What is Nonresponse Bias?
Nonresponse bias occurs when people who do not participate in a survey or study have different characteristics or opinions than those who do participate. In this situation, the sample data overrepresent the subpopulations who tend to respond instead of reflecting the whole population.
When respondents and non-respondents differ, the conclusions drawn from the survey might not accurately reflect the opinions or characteristics of the whole population. This condition can have serious consequences, such as making incorrect decisions based on the survey results.
Nonresponse bias is a form of sampling bias. Learn more about Sampling Bias: Definition & Examples.
Individuals with the following characteristics might be less likely to participate in a study:
- Less free time (e.g., having less flexible jobs or working multiple part-time jobs).
- Lower access to technology or transportation.
- Language barriers.
- Have health conditions.
- Low interest in the subject matter.
Nonresponse bias is a common problem in survey research because it is virtually impossible to get a 100% response rate. In fact, most response rates are less than 50%, and researchers typically consider 30% to be “good.” In other words, a survey with a reasonable response rate might still have 70% of the sample who don’t respond.
Read on to learn how to reduce nonresponse bias before and during a study and how to adjust for it afterward.
Related post: Selection Bias: Definition & Examples
Nonresponse Bias Example
Researchers conducted a survey to understand the opinions about recent changes to the public transportation system in the city. The survey used phone calls and online forms. Afterward, the researchers find that the response rate from people above 65 is much lower than other age groups. They might not have responded due to difficulties in using technology to access the online forms or reluctance to answer phone calls from unknown numbers.
As a result, the survey results might not accurately represent the attitudes of the entire population by underrepresenting the opinions of the elderly, who may have a different perspective on the changes.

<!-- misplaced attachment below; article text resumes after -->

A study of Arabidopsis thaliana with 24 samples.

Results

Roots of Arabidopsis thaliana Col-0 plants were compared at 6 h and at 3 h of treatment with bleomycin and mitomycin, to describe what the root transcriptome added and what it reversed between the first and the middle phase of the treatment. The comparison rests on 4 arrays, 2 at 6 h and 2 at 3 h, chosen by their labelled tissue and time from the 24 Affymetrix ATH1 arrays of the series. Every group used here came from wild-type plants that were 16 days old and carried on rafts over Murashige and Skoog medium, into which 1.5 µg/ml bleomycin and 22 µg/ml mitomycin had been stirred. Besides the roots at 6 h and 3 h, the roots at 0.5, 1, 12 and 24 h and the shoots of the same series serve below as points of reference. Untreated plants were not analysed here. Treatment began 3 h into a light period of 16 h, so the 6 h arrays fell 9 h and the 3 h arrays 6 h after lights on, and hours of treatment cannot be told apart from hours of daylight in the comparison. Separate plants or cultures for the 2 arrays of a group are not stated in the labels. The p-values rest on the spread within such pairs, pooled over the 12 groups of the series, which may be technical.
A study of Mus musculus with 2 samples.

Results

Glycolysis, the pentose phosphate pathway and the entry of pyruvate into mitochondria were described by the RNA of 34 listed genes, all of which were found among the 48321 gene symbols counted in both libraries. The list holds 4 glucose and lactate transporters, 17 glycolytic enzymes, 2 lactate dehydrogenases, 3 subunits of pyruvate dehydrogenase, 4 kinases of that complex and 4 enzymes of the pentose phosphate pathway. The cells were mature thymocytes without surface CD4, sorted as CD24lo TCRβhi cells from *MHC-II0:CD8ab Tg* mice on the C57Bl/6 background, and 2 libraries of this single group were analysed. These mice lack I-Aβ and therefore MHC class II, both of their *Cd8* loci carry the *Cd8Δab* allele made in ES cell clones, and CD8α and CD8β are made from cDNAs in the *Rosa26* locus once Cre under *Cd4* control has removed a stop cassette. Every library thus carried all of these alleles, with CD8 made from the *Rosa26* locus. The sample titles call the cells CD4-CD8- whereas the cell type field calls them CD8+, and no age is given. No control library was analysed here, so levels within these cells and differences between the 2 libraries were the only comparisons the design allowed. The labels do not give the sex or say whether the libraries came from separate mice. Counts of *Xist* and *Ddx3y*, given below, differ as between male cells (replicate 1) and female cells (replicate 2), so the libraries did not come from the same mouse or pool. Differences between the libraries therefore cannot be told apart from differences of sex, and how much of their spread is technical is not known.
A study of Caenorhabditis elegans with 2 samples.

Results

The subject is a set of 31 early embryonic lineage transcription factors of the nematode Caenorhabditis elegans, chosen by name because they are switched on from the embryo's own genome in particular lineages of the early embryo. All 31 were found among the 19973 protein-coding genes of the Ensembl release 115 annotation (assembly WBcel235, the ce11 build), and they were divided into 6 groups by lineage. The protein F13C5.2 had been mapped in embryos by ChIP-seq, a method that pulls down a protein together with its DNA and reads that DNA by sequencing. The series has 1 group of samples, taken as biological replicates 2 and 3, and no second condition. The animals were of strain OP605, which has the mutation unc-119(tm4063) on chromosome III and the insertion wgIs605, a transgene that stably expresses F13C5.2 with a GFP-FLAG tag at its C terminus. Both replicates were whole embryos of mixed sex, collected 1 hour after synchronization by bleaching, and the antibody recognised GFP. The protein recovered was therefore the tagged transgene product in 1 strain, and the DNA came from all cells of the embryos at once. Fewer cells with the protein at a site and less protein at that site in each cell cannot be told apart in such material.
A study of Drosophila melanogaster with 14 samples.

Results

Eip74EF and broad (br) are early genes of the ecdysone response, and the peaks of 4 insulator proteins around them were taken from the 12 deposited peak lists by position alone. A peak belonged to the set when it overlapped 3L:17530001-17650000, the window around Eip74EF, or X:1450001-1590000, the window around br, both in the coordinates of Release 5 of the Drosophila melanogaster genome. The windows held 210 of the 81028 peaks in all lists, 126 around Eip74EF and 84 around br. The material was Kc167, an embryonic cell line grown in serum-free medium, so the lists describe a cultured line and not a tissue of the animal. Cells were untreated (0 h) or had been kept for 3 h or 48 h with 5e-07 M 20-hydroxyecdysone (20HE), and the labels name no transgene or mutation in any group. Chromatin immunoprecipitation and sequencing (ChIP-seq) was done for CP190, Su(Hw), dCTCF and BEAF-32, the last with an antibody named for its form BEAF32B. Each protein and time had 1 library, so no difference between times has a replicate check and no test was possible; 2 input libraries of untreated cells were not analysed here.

Reducing Nonresponse Bias
Reducing nonresponse bias requires implementing proactive strategies that increase response rates and ensure that the sample is representative of the target population. Typically, the methods for minimizing nonresponse bias address the characteristics of non-responders I list above. You can implement the following types of things while designing and conducting the survey.
Good Survey Design
A short and easy-to-understand survey design is excellent for reducing nonresponse bias because it is less likely to overwhelm or frustrate participants, making them more willing to complete the survey. As the length and complexity increase, participation tends to decrease.
Target Relevant Group
When individuals are not interested in the subject matter, they are less likely to respond. Consequently, be sure you’re talking to the correct people!
Track and Send Reminders
Reduce nonresponse bias by tracking non-respondents and contacting them. Some will participate after the follow-up contacts, increasing the response rate.
Another way to minimize nonresponse bias is to use incentives to encourage participation. For example, surveys may offer participants a chance to win a prize or enter a drawing in exchange for completing the survey.
Use Multiple Contact Methods and Modes of Data Collection
One of the best ways to minimize nonresponse bias is to use multiple modes of data collection. For example, researchers can use both telephone and online forms to conduct the survey. This approach allows researchers to reach people who may not respond to one mode of data collection but may respond to another. You can also contact people using their native languages and employ translators.
Ensure Respondents Remain Anonymous
People value their privacy! Hence, reassuring potential participants that the study won’t link their data to their identities will help reduce nonresponse bias. This assurance is crucial when dealing with sensitive topics, such as health conditions and social taboos.
Assessing Nonresponse Bias After Data Analysis
So, you’ve completed your survey or other study and suspect that nonresponse bias might be a problem. What can you do? The priority is to understand the magnitude and scope of the problem. Then, you can interpret your sample results in that context.
Start by calculating the nonresponse rate to evaluate the size of the potential problem. If participants return 30% of your surveys, you know that the nonresponse rate is 100% – 30% = 70%. Unfortunately, there’s plenty of potential for bias!
Then assess late respondents because they can look like nonrespondents. Understand this group’s characteristics because it gives you an idea about those who didn’t respond at all. Are they systematically different from those who responded earlier? If they’re not different in relevant attributes, you might not have a problem!
Additionally, use some exceptional effort to follow up with some nonrespondents. Your goal is to gather at least some information from them. You just need enough data to understand how they differ from the respondents.
These steps will help you understand the direction and magnitude of the nonresponse bias in your study. If you obtain enough information, you might be able to statistically modify your findings to factor in non-respondents. For instance, you might use weighted averages to adjust the raw sample means. Learn more about Weighted Averages.